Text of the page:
The U.S. Social Safety Net Has Improved a Lot
(Bloomberg) -- There’s a common misperception that the U.S. is the land of small government, where the poor receive little assistance. To many on the left, the U.S. is a uniquely bad actor, eschewing the enlightened social democracy of Western Europe and leaving the economically unfortunate to suffer. Those on the right tend to take a more positive view of the same notion, trumpeting the U.S.’s small welfare state as evidence of a commitment to free markets and self-reliance.
As with most myths, there is a grain of truth to the idea. With the repeal of the individual health-care mandate, the U.S. has returned to its status as one of the only developed countries not to provide some form of universal health care. The U.S. spends a bit less of its gross domestic product on social spending than the Organization for Economic Cooperation and Development as a whole:
But already it’s apparent that the U.S.’s reputation as a bastion of cutthroat capitalism is exaggerated. Its social safety net is only a couple of percentage points below the OECD total, and larger than that of Canada, Australia and South Korea.
Furthermore, U.S. government transfers have been increasing over time. The U.S. system of taxation and spending has become more progressive during the past two decades. Per-capita government transfers were about $8,567 a person in 2016, up from about $5,371 at the turn of the century (adjusted for inflation) — an increase of 60 percent:
The increasing generosity of the U.S. safety net in the 21st century began under President George W. Bush. Although mostly remembered for the war in Iraq, Bush in many ways fulfilled his promise to be a compassionate conservative. Major expansions of the Supplemental Nutrition Assistance Program, commonly known as food stamps, were carried out in 2002 and 2008. Bush’s Medicare reform added prescription-drug benefits to the government’s premier health-care program. And Bush’s so-called housing-first policy reduced homelessness dramatically during his second term. Overall, real per-capita government transfers increased by about 38 percent during the eight years of the Bush administration.
Under President Barack Obama the pace of welfare expansion slowed a bit, probably as a result of the Great Recession. But it didn’t stop. Food stamps continued to expand, extended unemployment insurance helped many during the recession, and homelessness kept declining. Obama also implemented a number of tax credits for low-income families and passed the Affordable Care Act, which subsidizes health insurance.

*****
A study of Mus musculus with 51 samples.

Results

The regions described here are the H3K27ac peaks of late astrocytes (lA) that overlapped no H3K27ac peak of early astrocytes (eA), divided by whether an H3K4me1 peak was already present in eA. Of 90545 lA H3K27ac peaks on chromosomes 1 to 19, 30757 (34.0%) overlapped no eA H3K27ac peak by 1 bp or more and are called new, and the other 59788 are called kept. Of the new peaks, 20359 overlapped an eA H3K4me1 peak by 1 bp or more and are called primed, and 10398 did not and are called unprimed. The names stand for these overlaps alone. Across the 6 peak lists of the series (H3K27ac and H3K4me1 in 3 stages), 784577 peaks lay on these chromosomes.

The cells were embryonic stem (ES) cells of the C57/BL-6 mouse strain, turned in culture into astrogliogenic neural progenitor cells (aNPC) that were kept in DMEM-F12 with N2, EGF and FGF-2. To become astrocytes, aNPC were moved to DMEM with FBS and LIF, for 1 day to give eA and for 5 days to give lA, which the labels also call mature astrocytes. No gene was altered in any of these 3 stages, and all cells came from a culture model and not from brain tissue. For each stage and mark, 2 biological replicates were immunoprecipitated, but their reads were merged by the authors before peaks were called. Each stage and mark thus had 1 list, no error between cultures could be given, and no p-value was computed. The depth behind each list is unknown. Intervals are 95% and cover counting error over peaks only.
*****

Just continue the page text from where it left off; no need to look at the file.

After 16 years of expansions in the safety net under Republican and Democratic presidents alike, the U.S. has a much more robust welfare state than people seem to realize. The left-leaning Center on Budget and Policy Priorities, using the U.S. Census Bureau’s new comprehensive poverty measure, estimates that government transfers have driven child poverty to a record low. Thanks mostly to government aid, the number of American children in poverty has fallen from more than one in four in the early 1990s to about one in seven today.
Meanwhile, recent research shows that U.S. antipoverty programs are more effective than had been realized. In a new paper, the University of Chicago’s Bruce Meyer and Derek Wu analyze five major means-tested programs — Social Security, food stamps, public assistance, the earned income tax credit and housing assistance — in terms of how much they actually increase poor people’s income.
It turns out to be a lot. The authors find that most of the money from these programs goes to people who would be poor without them:
They find that Social Security’s old age, survivors and disability insurance tax is by far the most effective of the programs in terms of poverty reduction, while food stamps and the EITC are also important.
This analysis doesn’t take into account the ways that antipoverty programs change people’s behavior. Opponents of welfare often claim that it gives poor people an incentive to work less, making the overall impact on poverty much less than might be expected. But Meyer and Wu survey the literature and conclude that this effect isn’t large — government transfers really do fight poverty effectively.
So the U.S.’s social safety net is both very effective and considerably stronger than in the past. That doesn’t mean it’s adequate. With about 15 percent of American children still in poverty, much remains to be done. The country’s patchwork system of programs lets many poor people fall through the cracks. It’s important to identify and help those people, by adding additional programs, extending additional programs to cover more of the needy and improving program enrollment.
But the myth that the U.S. leaves its poor to their own devices needs to be retired. The U.S. isn’t the developed world’s most generous nation, but it isn’t the stingiest either. The trend toward a stronger safety net has made the country a better place to live, and there’s every reason to keep that trend going over the next decade.